Book Review: Cool Waters, Emerald Seas: Diving in Temperate Waters

Cool Waters, Emerald Seas: Diving in Temperate Waters
John Collins, Atrium, 200 pages.
Cool Waters, Emerald Seas: Diving in Temperate Waters

John Collins shares his enthusiasm for cool water diving with this book of 120 exquisite photographs. He captures the extraordinary colour, form and diversity of life in temperate waters, and inspires you to get your kit and visit the dive sites illustrated.

A coffee-table format book, each chapter starts with a beautifully written essay extolling his dive areas and underwater encounters. The photos are interspersed with quotes from diving pioneers, authors and naturalists like Jaques Cousteau, Rachel Carson and Philippe Tailliez.

Cool waters are those from 4 to 20 oC, from the tropics to the polar regions. The author illustrates the richness of the North Atlantic around Ireland and Scotland, and the Pacific waters of Vancouver, Tasmania and South Africa. As Collins says, "Most new divers are surprised to learn that our cool seas are the ocean's most productive...they create the ocean's richest ecosystem."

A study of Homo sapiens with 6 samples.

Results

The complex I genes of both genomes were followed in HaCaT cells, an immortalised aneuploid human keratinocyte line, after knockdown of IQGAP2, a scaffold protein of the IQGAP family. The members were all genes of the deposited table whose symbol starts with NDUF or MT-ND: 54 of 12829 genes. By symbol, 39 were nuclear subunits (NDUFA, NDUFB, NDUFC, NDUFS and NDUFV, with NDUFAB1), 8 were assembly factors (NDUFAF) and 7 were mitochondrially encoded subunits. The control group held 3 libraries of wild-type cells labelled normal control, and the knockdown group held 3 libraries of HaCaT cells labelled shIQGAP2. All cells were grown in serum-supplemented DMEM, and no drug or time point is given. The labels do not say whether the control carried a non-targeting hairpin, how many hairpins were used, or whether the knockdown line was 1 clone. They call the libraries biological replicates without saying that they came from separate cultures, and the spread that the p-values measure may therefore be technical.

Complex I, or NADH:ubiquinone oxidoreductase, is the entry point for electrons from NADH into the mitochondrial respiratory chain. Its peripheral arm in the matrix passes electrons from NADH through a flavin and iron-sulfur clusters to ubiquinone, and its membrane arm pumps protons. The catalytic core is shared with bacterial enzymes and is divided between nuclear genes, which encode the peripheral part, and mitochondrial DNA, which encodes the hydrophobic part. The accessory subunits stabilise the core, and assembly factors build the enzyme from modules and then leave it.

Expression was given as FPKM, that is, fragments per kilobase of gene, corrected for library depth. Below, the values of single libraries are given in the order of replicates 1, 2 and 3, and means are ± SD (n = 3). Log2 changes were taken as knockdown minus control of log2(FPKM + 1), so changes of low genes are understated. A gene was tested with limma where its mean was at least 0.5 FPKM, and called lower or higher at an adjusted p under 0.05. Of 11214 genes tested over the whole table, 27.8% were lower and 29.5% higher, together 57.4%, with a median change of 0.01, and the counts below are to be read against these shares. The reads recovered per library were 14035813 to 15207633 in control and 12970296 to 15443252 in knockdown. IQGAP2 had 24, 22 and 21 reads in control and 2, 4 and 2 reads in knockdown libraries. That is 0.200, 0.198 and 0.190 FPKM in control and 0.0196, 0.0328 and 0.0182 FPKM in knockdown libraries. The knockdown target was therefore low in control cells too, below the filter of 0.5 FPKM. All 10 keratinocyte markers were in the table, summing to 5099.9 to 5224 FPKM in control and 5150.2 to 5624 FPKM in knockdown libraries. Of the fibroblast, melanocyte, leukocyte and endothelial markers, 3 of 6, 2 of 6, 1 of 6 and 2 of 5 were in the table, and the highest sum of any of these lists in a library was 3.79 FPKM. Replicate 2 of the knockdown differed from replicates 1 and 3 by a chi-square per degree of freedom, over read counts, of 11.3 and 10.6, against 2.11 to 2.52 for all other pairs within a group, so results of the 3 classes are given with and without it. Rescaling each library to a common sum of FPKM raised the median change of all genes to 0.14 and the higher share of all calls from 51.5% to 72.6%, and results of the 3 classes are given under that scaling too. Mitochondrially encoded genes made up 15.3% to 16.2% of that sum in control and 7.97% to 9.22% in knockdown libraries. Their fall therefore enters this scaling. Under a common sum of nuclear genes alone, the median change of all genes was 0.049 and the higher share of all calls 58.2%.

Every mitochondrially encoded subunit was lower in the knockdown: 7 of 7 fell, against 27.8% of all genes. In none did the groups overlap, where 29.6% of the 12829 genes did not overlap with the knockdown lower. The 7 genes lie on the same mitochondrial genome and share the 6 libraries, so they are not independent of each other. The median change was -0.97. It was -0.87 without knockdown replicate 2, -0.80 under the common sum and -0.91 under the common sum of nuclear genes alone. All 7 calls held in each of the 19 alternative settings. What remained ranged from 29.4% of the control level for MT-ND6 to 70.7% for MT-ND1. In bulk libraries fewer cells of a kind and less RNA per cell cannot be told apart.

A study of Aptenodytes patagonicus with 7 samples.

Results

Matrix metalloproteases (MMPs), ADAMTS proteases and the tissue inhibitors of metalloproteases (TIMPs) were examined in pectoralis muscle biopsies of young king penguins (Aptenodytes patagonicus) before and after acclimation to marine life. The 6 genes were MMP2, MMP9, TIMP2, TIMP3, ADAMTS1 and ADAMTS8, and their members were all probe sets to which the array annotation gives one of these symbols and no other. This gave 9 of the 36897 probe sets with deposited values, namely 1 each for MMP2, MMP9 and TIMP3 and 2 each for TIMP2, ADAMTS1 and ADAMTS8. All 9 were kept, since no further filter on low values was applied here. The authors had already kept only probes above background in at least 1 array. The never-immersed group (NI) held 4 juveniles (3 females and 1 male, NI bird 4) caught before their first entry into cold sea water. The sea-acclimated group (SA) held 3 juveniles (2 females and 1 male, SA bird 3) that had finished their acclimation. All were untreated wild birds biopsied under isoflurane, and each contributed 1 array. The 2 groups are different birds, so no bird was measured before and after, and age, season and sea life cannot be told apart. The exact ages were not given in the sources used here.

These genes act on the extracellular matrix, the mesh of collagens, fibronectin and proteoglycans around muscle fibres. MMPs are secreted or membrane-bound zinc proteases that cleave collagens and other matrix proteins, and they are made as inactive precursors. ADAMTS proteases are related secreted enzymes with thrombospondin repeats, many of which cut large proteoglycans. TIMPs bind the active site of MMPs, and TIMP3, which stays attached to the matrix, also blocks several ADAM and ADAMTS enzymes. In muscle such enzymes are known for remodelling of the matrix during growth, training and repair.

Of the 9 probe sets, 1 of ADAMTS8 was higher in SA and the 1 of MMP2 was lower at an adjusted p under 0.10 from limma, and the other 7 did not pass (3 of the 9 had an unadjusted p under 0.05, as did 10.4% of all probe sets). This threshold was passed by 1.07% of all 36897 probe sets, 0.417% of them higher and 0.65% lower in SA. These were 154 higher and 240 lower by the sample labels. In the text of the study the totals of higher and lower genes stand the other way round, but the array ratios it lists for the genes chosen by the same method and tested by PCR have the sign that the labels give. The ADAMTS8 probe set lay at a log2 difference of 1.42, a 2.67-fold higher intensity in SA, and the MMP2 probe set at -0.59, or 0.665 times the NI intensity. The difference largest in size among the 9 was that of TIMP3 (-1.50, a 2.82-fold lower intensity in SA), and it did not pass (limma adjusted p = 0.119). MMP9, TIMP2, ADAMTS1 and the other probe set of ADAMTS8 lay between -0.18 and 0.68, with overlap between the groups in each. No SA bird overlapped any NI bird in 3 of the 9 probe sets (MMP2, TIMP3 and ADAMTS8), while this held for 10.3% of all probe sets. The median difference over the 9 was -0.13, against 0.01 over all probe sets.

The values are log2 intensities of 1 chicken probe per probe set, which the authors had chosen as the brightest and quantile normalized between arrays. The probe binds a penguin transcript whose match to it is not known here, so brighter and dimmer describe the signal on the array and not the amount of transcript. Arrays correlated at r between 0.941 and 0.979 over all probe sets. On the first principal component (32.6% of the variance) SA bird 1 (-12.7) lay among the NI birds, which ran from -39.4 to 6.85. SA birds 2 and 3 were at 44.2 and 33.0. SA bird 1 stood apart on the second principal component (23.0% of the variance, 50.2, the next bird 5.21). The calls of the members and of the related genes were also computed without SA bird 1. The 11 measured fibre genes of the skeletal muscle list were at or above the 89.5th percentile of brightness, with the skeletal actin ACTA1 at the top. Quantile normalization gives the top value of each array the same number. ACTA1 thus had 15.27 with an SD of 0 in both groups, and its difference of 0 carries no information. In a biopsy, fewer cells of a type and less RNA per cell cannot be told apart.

Collins portrays subjects from jellyfish to great white sharks as well as some beautifully composed marinescapes with fish-tank clarity.

A couple of things I would have liked in the book are an index of places and things photographed, and Latin names for the animals shown. However, the common name of the animal and its location are given.

About the Author
John Collins is lives in Kinsale on Ireland's south coast with his wife and two daughters where they operate a family-run pharmacy. A passionate photographer from his teens, he started diving at college in Dublin and was immediately was keen to photograph the underwater world. Many of his photos have been successful in competitions and widely published. John Collins is a graduate of the New York Institute of Photography.